From the Newsletter | Squeezing More Juice out of the Lemon Test

By | Jun 20, 2024

These were the words spoken by Louisiana Governor Jeff Landry yesterday before he signed HB 71, a law requiring Ten Commandments posters no smaller than 11 x 14 inches to be displayed in all public school classrooms in the state, from kindergarten through college. The commandments—which, according to the account in Exodus, were dictated by God and chiseled on stone for Moses to share with the Israelites some 3,500 years ago—must be presented in a “large, easily readable font” and must be the “central focus of the poster.”

The Ten Commandments have often been a point of public wrangling.  In 2011, Moment published “10 Commandments 2.0,” in which we asked a range of scholars about the modern relevance and meaning of the Decalogue. “Although Jewish tradition counts 613 commandments in the Torah, the Ten have taken on a life of their own, inspiring millions of Jews, Christians and Muslims over the centuries and evolving into a symbol of morality that has influenced Western thinking,” we noted in the intro. “Over the past 50 years, they’ve become a contentious subject in the United States, emerging at the heart of the culture wars between conservatives and liberals who disagree over their role in American law and ethics.”

Here we are, over a decade later, and the battle continues. The American Civil Liberties Union, Freedom From Religion Foundation and other secular advocacy groups have already announced plans to sue on the grounds that the new law violates the Establishment Clause of the First Amendment: “Congress shall make no law respecting an establishment of religion.” They argue that it amounts to religious coercion to display the divine directives in public schools.

In 1980 Kentucky tried to enact the same law, and in that case, Stone v. Graham, the Supreme Court ruled that displaying the Ten Commandments in classrooms violated the establishment clause. However, while the Constitution hasn’t changed, the Supreme Court has. Which is why after signing the bill into law, Landry said, “I can’t wait to be sued.”

Moment readers will recall Marshall Breger’s analysis of the 2022 SCOTUS case involving a high school football coach who was leading his players in Christian prayer on the field after games. The ruling in favor of the coach essentially squeezed the juice out of the Lemon test (from Lemon v. Kurtzman, 1971), which had been used for decades to determine establishment clause violations. It required a religious law or practice to have a secular purpose that superseded any effect that advanced or inhibited religion.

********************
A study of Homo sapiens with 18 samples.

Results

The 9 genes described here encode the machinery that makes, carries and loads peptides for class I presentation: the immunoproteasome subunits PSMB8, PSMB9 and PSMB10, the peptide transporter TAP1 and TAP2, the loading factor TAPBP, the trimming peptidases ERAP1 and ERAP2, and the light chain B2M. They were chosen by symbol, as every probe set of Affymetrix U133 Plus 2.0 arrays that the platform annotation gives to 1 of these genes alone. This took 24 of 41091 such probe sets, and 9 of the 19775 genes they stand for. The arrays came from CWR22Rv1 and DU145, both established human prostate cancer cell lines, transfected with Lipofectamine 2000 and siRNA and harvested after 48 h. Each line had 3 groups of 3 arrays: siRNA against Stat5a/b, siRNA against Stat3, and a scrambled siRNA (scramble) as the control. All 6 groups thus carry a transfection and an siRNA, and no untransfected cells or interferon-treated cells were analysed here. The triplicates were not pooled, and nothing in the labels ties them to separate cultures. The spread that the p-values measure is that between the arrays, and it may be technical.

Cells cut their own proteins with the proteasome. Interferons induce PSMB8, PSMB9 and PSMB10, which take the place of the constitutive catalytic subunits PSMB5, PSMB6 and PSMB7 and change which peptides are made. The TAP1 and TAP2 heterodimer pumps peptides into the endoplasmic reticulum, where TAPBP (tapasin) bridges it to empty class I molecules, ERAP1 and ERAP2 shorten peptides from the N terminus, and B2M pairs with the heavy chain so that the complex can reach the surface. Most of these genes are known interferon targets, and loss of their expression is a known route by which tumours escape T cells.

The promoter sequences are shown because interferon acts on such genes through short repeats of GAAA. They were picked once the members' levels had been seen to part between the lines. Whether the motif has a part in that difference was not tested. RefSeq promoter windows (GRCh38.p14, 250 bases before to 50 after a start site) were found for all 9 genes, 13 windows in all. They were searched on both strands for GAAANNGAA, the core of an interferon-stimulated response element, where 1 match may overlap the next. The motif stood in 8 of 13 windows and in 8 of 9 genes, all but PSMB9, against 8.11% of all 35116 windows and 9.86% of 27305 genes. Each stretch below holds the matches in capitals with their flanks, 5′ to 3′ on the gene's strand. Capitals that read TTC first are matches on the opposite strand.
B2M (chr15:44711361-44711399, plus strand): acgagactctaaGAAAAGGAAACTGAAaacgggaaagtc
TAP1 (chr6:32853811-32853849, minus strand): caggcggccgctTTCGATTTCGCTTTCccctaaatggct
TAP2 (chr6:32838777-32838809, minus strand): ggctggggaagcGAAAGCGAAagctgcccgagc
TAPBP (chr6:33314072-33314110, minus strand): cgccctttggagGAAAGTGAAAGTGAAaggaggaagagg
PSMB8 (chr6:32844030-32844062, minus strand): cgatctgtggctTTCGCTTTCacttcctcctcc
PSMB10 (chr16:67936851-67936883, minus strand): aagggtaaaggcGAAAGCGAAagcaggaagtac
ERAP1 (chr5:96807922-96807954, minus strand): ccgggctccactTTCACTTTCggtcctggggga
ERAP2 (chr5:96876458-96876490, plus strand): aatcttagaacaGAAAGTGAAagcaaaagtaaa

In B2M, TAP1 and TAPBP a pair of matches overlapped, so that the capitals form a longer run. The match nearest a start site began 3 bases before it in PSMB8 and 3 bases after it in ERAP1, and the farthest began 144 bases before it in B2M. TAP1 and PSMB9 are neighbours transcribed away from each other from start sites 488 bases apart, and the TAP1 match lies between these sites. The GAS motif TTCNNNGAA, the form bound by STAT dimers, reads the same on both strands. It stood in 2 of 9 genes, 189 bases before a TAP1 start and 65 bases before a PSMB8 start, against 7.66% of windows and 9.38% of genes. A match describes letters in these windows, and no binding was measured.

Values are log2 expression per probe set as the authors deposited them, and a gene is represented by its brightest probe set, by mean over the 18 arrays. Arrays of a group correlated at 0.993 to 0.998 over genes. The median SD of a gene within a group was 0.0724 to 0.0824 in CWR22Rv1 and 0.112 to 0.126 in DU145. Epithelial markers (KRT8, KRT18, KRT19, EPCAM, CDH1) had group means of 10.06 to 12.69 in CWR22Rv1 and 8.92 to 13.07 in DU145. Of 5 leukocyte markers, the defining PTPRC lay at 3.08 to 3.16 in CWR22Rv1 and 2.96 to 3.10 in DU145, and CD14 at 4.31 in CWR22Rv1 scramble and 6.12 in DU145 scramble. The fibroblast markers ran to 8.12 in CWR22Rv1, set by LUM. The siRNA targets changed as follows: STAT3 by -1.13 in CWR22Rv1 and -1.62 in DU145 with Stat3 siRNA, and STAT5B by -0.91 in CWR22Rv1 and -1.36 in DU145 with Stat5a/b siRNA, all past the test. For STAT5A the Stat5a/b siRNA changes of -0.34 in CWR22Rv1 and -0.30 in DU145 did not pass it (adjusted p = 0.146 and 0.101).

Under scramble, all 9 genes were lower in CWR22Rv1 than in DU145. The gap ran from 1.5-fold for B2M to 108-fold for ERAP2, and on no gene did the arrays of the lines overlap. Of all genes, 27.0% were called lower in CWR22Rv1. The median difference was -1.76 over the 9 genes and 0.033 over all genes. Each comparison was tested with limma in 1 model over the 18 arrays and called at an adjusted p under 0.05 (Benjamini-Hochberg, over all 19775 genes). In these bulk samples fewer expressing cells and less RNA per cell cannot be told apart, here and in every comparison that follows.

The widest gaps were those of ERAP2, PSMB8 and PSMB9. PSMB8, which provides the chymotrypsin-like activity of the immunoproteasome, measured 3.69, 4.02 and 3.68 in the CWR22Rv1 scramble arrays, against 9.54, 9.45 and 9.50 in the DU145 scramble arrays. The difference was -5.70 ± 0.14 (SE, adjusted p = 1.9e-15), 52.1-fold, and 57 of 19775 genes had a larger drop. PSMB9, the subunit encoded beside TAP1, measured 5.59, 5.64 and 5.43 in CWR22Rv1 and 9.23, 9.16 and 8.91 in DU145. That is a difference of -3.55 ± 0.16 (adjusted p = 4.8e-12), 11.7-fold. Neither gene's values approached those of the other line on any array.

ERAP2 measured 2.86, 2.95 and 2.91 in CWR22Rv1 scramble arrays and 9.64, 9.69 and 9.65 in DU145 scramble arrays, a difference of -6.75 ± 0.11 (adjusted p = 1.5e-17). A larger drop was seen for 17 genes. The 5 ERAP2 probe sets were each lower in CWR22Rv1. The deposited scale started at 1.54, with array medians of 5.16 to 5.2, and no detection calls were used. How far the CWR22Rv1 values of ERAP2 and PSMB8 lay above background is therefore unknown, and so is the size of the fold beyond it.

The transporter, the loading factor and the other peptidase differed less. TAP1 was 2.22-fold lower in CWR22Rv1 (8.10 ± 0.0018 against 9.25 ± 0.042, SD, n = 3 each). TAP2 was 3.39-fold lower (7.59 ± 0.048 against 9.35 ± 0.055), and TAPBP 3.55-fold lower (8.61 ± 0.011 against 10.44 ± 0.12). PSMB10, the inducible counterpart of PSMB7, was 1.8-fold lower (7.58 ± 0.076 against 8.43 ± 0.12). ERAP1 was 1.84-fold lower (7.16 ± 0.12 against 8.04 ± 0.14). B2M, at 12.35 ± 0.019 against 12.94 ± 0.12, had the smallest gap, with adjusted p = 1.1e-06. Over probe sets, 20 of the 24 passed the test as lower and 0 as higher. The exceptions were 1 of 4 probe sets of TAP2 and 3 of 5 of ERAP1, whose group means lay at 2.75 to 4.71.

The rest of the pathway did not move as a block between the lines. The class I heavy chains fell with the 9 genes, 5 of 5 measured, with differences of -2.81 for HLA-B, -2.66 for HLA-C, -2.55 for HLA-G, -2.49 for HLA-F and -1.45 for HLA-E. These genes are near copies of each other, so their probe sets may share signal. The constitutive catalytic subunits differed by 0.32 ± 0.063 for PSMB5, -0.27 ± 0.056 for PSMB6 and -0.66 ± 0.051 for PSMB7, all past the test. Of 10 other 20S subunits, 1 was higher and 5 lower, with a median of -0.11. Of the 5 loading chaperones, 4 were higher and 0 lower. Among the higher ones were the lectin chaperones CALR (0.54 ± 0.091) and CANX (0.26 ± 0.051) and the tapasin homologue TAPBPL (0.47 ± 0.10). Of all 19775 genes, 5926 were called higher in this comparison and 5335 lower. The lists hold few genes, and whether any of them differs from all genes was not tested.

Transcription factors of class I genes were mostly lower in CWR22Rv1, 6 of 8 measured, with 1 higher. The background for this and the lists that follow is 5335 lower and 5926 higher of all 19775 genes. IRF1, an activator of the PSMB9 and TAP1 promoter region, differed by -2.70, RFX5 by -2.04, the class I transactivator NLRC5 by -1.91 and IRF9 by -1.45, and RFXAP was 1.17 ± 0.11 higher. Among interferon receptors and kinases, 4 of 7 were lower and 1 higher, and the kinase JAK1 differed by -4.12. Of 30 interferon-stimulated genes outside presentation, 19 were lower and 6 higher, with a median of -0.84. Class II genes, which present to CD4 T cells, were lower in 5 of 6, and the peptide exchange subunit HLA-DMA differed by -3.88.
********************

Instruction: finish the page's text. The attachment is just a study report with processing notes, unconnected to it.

Referring to Justice Neil Gorsuch, who wrote the majority opinion in the 2022 case, Breger wrote, “Gorsuch apparently believes that such public religious exercises instead model a sort of peaceable kingdom where students understand that learning how to tolerate speech or prayer of all kinds is ‘part of learning how to live in a pluralistic society.’ The prophet Isaiah, at least, understood that this idyllic vision reflected messianic times. In our flawed (a Catholic would say sinful) world, authority figures can coerce without intending to do so.”

Defenders of Louisiana’s new law say the Ten Commandments will serve as much needed moral guidelines for public school students of all religions or none. But aside from honoring the U.S. Constitution, are the Ten Commandments even relevant as a guide for how college students, let alone kindergarteners, should behave—even think?

The tenth commandment, usually shortened to “thou shall not covet,” is peculiar, says philosopher Susan Pashman. “It bans lusting after another’s stuff—an internal crime, if it is a crime at all.” Far better, Pashman says, would be: “Thou shalt create a society where there is little reason to envy another, a society in which each is reasonably satisfied with his portion, a society ruled by fairness, based upon consent.”

It’s worth noting, however, that the Louisiana law requires a Protestant version of the Ten Commandments be hung in classrooms. The final commandment of that version reads: “Thou shalt not covet thy neighbor’s house. Thou shalt not covet thy neighbor’s wife, nor his manservant, nor his maidservant, nor his cattle, nor anything that is thy neighbor’s.” Curious kids will first want to know what “covet” means, but how will teachers broach the meaning of coveting Mrs. what’s-her-name next door or what a manservant or maidservant may have meant in ancient days, especially given conservatives’ hysteria over discussing slavery, aka Critical Race Theory?

As the culture wars rage and we continue to witness challenges to long-held norms and established jurisprudence, here’s a final offering—not a command but a suggestion and a diversion, which is actually on topic—a list of great films, each with a thematic connection to one of the famous commandments.